This frustration is largely due to the fact that such a useful lesson for life is generally neglected, skimmed-over or outright deliberately denied in order to satisfy the ideologues of 'modern education'.
Thus many people are way too much surprised that being right is what matters, not the amount of effort it took to get there.
For me, algebra is easy, but writing out steps is very difficult, and sometimes I prefer to use a process other than the one taught in class. Should the goal of math education be to solve problems or to learn processes?
In the real world, it’s solving problems that matters—I wouldn’t say “being right”, necessarily—but it’s also important to be able to weigh different potential solutions to find the best or most efficient. Programming is a decent example of this—don’t go for the O(n²) algorithm when the O(n log n) is just as easy to implement.
But even better, consider a startup. If you want to build an online store application in 1995, and doing it in Lisp means you expend less effort than your Lispless competitors to get to the same “right answer”, then you should take the advantage. The amount of effort does matter.
That is a false dichotomy. The goal of math education is to "learn processes" to "solve problems". You can't skip the processes and jump straight to solving. Before you can pick a proper algorithm, you have to already know a few -- that's the learning processes part in programming. This holds for any skill you choose to learn; before you can do something well, you have to be able to do it in the first place.
The 'procedural' approach to maths is a good thing, though the right initial description is not to be underestimated. It boils down to good teaching.
There are many similarities between maths and computing and often the keen game-players are quite good at maths too, so perhaps the problem is how to motivate those who are not in this category?
I agree that reducing the effort does matter. Especially in maths, where it often leads to a better method. I was trying to argue against giving credit for increasing the effort leading to the wrong answer.
Perhaps reverse the application of the initial observation, that many games use maths, and start with a game without any figures, then, show the numbers behind it, in phases. This would create a link between something kids already grasp, and something new (numbers), which is a great way of learning. It would give the experience of a deeper world being revealed. And if using the numbers also made it easier to beat the game, it would give them a motivation; an example of useful application; and a sense of mastery.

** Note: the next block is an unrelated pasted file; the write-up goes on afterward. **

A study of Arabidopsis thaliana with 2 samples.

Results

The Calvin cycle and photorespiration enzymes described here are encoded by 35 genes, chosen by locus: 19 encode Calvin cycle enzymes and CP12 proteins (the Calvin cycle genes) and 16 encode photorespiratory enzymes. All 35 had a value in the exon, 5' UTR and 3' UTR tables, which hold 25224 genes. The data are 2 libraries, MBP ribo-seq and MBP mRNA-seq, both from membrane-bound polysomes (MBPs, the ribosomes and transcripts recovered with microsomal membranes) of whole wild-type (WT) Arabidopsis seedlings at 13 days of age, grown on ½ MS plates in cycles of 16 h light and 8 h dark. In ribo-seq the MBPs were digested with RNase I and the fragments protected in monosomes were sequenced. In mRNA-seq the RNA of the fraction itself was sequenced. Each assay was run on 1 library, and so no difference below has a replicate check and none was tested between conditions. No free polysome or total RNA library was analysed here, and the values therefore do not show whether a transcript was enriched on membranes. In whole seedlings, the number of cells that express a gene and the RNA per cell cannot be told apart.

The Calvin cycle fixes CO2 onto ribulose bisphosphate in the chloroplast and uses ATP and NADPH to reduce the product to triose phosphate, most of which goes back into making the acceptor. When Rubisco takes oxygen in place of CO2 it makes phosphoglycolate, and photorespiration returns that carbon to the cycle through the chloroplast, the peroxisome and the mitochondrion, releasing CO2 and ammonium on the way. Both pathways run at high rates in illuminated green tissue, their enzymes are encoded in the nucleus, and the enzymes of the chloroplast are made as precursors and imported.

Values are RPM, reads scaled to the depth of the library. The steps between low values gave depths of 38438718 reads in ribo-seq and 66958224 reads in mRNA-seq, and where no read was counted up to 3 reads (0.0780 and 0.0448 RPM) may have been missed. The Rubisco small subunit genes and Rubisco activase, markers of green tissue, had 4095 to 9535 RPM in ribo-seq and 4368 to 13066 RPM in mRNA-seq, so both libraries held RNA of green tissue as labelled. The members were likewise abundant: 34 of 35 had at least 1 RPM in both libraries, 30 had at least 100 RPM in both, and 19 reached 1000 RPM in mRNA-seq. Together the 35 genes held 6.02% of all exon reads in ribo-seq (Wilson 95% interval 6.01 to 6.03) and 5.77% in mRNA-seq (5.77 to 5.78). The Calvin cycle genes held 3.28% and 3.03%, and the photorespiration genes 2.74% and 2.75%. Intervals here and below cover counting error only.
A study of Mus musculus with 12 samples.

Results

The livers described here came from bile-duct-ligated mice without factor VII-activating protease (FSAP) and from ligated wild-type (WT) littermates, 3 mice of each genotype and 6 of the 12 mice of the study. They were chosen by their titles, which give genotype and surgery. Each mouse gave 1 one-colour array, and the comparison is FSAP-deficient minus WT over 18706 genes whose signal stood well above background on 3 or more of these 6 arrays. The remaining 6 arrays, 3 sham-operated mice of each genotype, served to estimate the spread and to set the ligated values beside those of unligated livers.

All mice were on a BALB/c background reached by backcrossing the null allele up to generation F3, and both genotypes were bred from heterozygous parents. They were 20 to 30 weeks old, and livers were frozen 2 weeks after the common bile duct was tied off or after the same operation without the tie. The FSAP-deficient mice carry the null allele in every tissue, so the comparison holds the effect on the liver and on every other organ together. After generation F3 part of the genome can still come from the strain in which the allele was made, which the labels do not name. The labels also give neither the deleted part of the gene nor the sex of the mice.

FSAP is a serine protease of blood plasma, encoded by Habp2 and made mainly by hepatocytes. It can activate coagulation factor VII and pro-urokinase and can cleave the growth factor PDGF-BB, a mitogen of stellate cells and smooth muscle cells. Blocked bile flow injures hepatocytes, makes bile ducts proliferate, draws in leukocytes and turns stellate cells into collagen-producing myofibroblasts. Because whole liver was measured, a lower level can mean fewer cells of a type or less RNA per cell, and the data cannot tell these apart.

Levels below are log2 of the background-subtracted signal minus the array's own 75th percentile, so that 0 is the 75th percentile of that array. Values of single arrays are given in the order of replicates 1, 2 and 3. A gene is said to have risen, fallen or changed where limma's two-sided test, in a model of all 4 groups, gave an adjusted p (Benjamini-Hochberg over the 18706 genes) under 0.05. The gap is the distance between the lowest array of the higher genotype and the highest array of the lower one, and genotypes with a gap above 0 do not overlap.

For the game designer, that initial version with no maths would also make it clear whether the game was any fun in its own right. (It seems educational aims often obscure this.)
- Specify 18 (or a multiple thereof with minor number changes) equations of varying difficulty.
- Allow free choice of standard computer calculated operations, and a give-up button once you reach, say, 5 strokes.
- Keep a highscore.
Could be extended by viewing Gauss Jordan class of problems as a golf course and adding other courses.
The emphasis on a low stroke count as well as removing the obstacle of arithmetic makes the experience more like a game, just like Tao is suggesting. This assumes a low stroke count is a good metric, as well as something necessarily desirable - something that might not be true for all classes of elementary mechanical problems.
Still a cool idea though!
Unfortunately, this doesn't work in many classrooms because the teacher has to manage too many different students learning at different rates and can't tailor the lessons appropriately to all of them at once.
The part of gamification that works is dripping out little bursts of serotonin based on intermittent reward schedules.
Farmville has proved you could addict people to successful algebra manipulation, but it won't be in an interface like this, in fact, there isn't a need for the cute dragons and fairies and stuff at all -- just levels, achievements, cool rare rewards, sound and a little bling all around doing the algebra problem correctly.
One thing I think the scratch demo does get right is the per-step nature of solving these problems. I would imagine that you'd have a directed graph of possible intermediate steps for solving and reward along the way for a harder problem if you were serious about teaching algebra this way.
(I say "under the impression" because the first comment on his post implies that games which break things down this way already exist. I don't actually know the truth of it.)